As Napster says its final goodbye (no, that didn’t already happen) and we say hello to December, here’s a list of what else has got us thinking this week:
This week Doug Jaeger and Kristin Sloan, of the creative studio JaegerSloan Inc, curated Design Envy, sharing a mix of technology, product design, illustration and film projects—from Betty Wants In’s peaceful twist on skydiving to Areaware's old-timey alarm clock, merging classic with mobile.
What do you think of their selections? Are you seeing green too? Cast your vote—the most popular designs will become part of a special collection in the AIGA Design Archives!
Can good design rescue fast food? Pentagram addresses that question with a redesign of Popeye chicken for the New York Times Magazine’s “Food and Drink” issue.
While on the subject of design for food and drink, Coca-Cola’s holiday cans have been recalled, due to customers’ confusing the silver packaging with Diet Coke. Oops.
And the James Beard Foundation, “dedicated to celebrating, nurturing, and preserving America’s diverse culinary heritage and future,” announced a new award this year for “Visual Storytelling,” to recognize “excellence in photography, graphic design, and photojournalism.”
What makes a site memorable is how it makes you feel. That’s the premise of Designing for Emotion, a new book by Aaron Walter, the lead user-experience designer for MailChimp, an SAS email marketing platform known for its user-friendliness. In this article for Forbes.com, Anthony Wing Kosner shares how insights from this book helped him put the finishing touches on a redesign of the website for Felony & Mayhem Press, an independent publisher of mystery fiction. As Kosner writes, Walter’s “first and most important point is that websites should feel like they are made by human beings for human beings.” See how Kosner took that advice to heart on Felony & Mahem’s new site.
UX designer Dan Saffer rounds up his favorite design articles of 2011 (h/t Michael Surtees). On the dearth of female authors in the group, he asks: “Either women should write more about design, or I should be reading more of their writing. Woefully under-represented on this list. Who should I be reading?” We're partial to Allison Arieff, Mandy Brown, Liz Danzico, Kristina Halvorson, Julie Lasky, Callie Neylan, Alissa Walker and Helen Walters, to name only a few. Thinking about this issue led us to Katie Gillum’s excellent post on the Mule Design blog about “(Parts of) Women in Design.”
Also thanks to Saffer (@odannyboy) we stumbled on Russell Davies’ musings on our “post-digital world.” (You might remember Davies’ Newspaper Club, which was a featured Design Envy pick by Kevin Slavin.) Are we really bored with screens, or do we just want them plus print?
Based on the buzz around BERG’s Little Printer announcement (a video about the printer posted on Vimeo on Monday has already received more than 850K plays), there certainly does seem to be a desire to marry the two. As described on Co.Design, what the Little Printer offers is “a personalized mini-newspaper—with content curated from partners like The Guardian, social media like Foursquare and Facebook, as well as stuff created by BERG itself—and output on a receipt-like paper strip no longer than 10 inches.” The product’s charm is undeniable, but will people actually use it? We’re not sure. What do you think?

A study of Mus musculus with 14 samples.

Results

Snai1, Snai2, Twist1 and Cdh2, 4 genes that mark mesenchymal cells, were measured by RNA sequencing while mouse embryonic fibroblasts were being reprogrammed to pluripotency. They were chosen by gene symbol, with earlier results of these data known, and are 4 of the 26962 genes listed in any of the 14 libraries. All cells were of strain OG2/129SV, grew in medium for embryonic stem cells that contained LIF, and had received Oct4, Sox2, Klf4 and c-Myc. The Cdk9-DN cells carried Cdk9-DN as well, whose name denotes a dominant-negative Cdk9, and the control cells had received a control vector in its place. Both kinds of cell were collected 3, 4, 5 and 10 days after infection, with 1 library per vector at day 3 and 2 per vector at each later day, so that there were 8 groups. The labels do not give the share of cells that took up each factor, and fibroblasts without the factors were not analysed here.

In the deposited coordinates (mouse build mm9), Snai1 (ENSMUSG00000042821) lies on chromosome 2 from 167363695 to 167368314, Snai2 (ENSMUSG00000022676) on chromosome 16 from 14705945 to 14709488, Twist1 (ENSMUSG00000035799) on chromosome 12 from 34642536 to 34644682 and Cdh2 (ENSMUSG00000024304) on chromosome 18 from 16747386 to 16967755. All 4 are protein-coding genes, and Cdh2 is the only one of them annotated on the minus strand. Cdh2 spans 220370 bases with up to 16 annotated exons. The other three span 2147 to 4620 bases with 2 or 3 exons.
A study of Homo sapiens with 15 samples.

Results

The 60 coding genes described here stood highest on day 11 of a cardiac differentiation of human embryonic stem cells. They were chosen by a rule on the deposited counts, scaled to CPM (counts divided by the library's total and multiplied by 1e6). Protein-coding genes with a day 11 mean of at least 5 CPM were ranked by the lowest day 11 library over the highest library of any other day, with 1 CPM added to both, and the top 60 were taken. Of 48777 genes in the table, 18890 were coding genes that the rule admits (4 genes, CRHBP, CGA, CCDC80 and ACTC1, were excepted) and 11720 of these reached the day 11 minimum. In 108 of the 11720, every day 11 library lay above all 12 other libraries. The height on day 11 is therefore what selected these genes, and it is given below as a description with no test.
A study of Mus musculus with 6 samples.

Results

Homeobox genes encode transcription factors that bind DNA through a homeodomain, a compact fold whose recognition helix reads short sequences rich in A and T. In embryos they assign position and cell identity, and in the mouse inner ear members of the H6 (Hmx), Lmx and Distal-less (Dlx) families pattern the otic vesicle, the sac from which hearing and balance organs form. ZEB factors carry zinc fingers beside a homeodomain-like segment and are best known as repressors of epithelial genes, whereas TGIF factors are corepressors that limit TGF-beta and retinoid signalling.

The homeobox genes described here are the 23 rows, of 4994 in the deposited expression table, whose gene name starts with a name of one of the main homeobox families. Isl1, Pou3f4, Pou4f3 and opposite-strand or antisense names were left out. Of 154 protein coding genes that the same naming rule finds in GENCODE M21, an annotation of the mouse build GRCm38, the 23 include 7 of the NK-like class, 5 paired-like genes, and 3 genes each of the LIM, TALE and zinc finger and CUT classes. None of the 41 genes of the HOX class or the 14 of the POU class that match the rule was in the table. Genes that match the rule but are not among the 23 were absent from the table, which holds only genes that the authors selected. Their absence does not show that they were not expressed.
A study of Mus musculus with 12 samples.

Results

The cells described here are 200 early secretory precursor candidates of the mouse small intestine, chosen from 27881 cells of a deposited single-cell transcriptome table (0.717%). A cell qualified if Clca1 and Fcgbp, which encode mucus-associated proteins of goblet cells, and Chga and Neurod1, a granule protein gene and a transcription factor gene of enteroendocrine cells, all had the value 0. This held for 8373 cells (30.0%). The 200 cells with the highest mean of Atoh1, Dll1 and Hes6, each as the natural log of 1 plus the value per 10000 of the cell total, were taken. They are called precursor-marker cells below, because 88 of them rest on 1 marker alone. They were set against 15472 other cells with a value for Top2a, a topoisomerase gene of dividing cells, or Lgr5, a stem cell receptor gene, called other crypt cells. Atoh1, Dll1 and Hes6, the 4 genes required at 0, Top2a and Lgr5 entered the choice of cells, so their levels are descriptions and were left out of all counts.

Those interested in tablet versions of magazines must read The Guardian’s interview with The Economist’s CEO, who reveals that digital is the reason why the publication is thriving. For further analysis, check out “The Personalized Brand: Yet Another Reason The Economist Is Trouncing Competitors.”
We’re intrigued by the Library as Incubator project, started by a group of library science students at the University of Wisconsin and reported on by GOOD, that aims to increase awareness about how libraries support the arts through personal stories from those who have found inspiration in the stacks. Here’s hoping these testimonials help keep budget cuts at bay.
The quality of pictures that the iPhone camera produces is so good, it’s spawned what seems like a gazillion apps. One of them, Instagram, has drawn an impressive 10 million users in its first year. So why is Instagram so popular? One very good reason put forth by Nate Bolt: It forces you to focus.
And finally, Steven Heller pays tribute to Louis Silverstein, revolutionary newspaper designer, who passed away this week at 92.
Now tell us, what have you been reading? We’d love to hear from you in the comments.
Compiled by Sue Apfelbaum and Rasika Welankiwar
Design Envy picks from Command X: Season 3 winner Jesse Reed, the web joining forces to oppose legislation (SOPA and PIPA), Benetton’s provocative new campaign, Design Indaba’s food fight, reactions to last week's announcement from Adobe, Noel Burch’s “conscious competence learning model” and the importance of balance—these are our stories of the week.
A not-so-brief rant about the future of interaction design, Design Envy picks from Stewart Smith, type and web designers as kindred spirits, the New Yorker's first-ever creative director and Adobe’s embrace of HTML5 are just some of our top stories this week.
design educators, students
Seven billion people on the planet, illustrated Food Rules, the power of data, 30 covers in 30 days, the new Google Reader and how The Onion is saving print—these are our stories of the week.
Does locality have any meaning? When designers can be anywhere, is it possible to be from somewhere? Twemlow examines the new connectedness.
Section: Inspiration -
Voice, career, international
While in school, design students learn many things, from design concepts like gestalt, processes from brainstorming to production, and even the technical aspects of software and code. All of that is essential to becoming a designer, but there’s one thing the typical curriculum may not cover: How to give—and receive—a good design critique.